Can Severe Personal Debt Lead To Mental Illness?

Armen Hareyan's picture

Personal debt is a growing problem, but is an even greater problem for those that suffer mental illness for a variety of reasons. In many cases it is the anxiety over the amount of debt they have that has contributed to the mental health issue, but others have got into debt while already suffering from the illness.

Even now, as would-be lenders become ultra-cautious about to whom they lend, credit is still readily available. Advertising regularly espouses the "buy now, pay later" culture, into which many of us have been drawn. It now appears impossible to enjoy an everyday life without incurring some element of debt along the way, as many struggle to get onto the housing ladder or afford their drastically increased mortgage payments.

But, while most manage to just keep their head above water, financially, many more are drowning in debt, and dealing with that throws up many emotional problems. The classification of 'over-indebtedness' by the Citizens Advice Bureau includes someone who is "unable to pay their current credit repayments and meet their other commitments without reducing other expenditure below normal minimal levels." Many of the people who fall into that classification will suffer more readily from depression and ill-health, and that includes mental illness, as well as being more likely to incur even more debt.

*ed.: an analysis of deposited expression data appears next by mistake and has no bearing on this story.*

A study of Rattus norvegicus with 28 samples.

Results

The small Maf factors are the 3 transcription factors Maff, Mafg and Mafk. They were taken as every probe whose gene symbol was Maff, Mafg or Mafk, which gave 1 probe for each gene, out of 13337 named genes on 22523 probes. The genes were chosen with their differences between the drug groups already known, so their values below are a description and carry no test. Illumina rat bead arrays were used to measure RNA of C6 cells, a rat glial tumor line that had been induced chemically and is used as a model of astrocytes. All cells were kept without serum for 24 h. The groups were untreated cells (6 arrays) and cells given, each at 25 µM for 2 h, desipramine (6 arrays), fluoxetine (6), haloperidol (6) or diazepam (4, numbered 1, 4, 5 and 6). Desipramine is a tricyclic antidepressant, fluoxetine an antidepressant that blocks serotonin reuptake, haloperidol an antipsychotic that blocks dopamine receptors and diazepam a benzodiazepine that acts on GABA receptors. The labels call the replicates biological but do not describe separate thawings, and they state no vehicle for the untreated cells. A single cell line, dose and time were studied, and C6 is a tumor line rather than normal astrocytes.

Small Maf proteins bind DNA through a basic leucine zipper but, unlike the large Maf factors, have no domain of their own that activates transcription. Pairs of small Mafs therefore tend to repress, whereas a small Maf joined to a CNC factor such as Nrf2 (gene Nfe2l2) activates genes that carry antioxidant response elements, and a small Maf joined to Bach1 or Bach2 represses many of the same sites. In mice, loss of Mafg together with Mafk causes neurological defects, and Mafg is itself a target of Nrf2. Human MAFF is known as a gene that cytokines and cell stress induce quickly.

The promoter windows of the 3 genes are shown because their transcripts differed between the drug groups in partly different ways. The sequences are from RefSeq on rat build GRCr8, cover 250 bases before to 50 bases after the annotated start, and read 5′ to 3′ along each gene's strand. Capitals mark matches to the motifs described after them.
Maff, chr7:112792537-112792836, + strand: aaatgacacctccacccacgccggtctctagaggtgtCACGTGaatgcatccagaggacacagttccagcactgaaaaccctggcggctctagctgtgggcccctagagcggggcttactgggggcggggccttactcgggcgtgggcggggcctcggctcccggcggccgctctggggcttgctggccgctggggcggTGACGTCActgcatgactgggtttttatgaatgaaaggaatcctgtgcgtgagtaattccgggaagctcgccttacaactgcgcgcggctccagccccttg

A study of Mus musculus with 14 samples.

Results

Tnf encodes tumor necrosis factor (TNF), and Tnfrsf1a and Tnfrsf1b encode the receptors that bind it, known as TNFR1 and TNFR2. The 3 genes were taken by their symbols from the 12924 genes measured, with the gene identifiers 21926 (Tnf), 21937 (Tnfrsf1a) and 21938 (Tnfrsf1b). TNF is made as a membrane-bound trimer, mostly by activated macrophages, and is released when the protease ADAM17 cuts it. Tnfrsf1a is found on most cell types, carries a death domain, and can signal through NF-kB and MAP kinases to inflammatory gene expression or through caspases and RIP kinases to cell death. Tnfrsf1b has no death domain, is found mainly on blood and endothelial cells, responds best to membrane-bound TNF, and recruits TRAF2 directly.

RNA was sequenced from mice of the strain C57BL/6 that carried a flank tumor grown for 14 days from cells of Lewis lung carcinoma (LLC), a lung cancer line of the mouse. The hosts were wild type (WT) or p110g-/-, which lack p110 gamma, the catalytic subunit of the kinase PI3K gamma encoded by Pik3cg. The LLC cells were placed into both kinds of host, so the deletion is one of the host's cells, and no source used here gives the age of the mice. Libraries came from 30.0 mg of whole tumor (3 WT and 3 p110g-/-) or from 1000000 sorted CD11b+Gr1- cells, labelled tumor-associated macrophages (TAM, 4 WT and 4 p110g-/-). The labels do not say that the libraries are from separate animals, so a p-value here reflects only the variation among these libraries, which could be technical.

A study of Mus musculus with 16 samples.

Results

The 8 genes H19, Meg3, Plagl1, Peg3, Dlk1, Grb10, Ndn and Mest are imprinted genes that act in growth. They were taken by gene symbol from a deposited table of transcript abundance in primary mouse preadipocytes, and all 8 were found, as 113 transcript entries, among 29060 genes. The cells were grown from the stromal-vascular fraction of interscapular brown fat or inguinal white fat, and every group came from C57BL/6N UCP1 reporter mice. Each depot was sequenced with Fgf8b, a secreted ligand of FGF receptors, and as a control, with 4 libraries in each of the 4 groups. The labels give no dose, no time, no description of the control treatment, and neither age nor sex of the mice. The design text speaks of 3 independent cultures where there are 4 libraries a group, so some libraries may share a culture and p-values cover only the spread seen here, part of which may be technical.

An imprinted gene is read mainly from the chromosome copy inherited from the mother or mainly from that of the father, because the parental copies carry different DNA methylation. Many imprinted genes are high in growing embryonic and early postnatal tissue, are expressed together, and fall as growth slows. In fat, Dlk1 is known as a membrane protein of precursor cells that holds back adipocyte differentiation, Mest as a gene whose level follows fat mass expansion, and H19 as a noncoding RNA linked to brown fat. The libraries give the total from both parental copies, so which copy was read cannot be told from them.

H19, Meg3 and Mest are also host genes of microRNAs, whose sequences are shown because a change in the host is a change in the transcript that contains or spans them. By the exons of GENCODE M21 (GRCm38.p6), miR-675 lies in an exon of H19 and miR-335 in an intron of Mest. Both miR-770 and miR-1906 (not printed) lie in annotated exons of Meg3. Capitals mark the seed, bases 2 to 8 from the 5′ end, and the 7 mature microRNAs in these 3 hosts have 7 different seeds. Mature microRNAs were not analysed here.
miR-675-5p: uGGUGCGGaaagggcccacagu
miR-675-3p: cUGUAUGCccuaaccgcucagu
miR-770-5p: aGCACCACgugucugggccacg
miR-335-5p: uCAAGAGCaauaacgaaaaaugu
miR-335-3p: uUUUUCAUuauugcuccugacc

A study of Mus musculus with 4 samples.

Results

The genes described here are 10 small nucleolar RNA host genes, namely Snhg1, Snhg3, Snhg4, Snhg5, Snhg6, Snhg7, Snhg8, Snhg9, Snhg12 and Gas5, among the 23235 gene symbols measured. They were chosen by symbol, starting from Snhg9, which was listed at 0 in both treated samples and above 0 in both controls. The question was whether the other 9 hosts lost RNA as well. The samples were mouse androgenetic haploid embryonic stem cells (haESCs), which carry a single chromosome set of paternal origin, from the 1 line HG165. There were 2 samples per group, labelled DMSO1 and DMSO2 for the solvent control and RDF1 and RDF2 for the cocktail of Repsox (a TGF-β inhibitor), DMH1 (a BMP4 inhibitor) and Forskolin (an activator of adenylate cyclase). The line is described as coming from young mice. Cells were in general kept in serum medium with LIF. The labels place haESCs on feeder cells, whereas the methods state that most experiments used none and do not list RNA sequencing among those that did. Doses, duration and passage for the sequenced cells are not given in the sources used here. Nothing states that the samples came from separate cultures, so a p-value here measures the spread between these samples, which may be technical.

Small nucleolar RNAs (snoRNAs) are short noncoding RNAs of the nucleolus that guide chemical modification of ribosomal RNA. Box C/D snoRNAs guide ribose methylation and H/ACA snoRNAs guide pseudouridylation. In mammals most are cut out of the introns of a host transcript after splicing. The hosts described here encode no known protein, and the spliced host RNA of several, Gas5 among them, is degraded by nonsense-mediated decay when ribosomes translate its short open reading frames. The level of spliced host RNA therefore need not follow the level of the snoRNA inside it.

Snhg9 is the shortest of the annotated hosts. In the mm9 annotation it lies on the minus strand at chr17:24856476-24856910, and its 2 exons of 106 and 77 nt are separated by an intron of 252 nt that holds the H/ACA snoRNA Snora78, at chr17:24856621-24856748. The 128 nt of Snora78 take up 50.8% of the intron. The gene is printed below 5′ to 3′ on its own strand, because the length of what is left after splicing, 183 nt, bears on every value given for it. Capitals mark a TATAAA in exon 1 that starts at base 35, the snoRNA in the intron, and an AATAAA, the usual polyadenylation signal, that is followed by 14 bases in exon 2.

The department of health and the environment at the Wales Centre for Health is conducting research into the link between ill health and debt. Director Susan Malby said:

"Most of us are in debt of some kind, but we prefer to call it credit, a much more socially acceptable way of describing debt. However, over-indebtedness isn't linked uniquely with poor debt management or low-income families. Events such as birth of a child, sudden unemployment, the death of someone close, long-term illness or disability; all significantly increase the chances of falling into severe debt."

The study has found that many who fall into debt suffer health problems because they can no longer afford to eat properly or heat their home. That adds to the anxiety they are already feeling and that's when people can slip into the spiral of hopelessness that in-turn leads to lack of self-esteem at best, or can manifest itself as mental illness in worst case scenarios.

To prevent that Malby recommends that anyone in the situation where they need help finding appropriate debt solutions, should immediately contact the Citizens Advice Bureau in the first instance, and get back on the road to financial and emotional well-being.

Elisha Burberry is an online, freelance journalist and keen traveller and watersports enthusiast. Originally from Scotland, she now resides in London.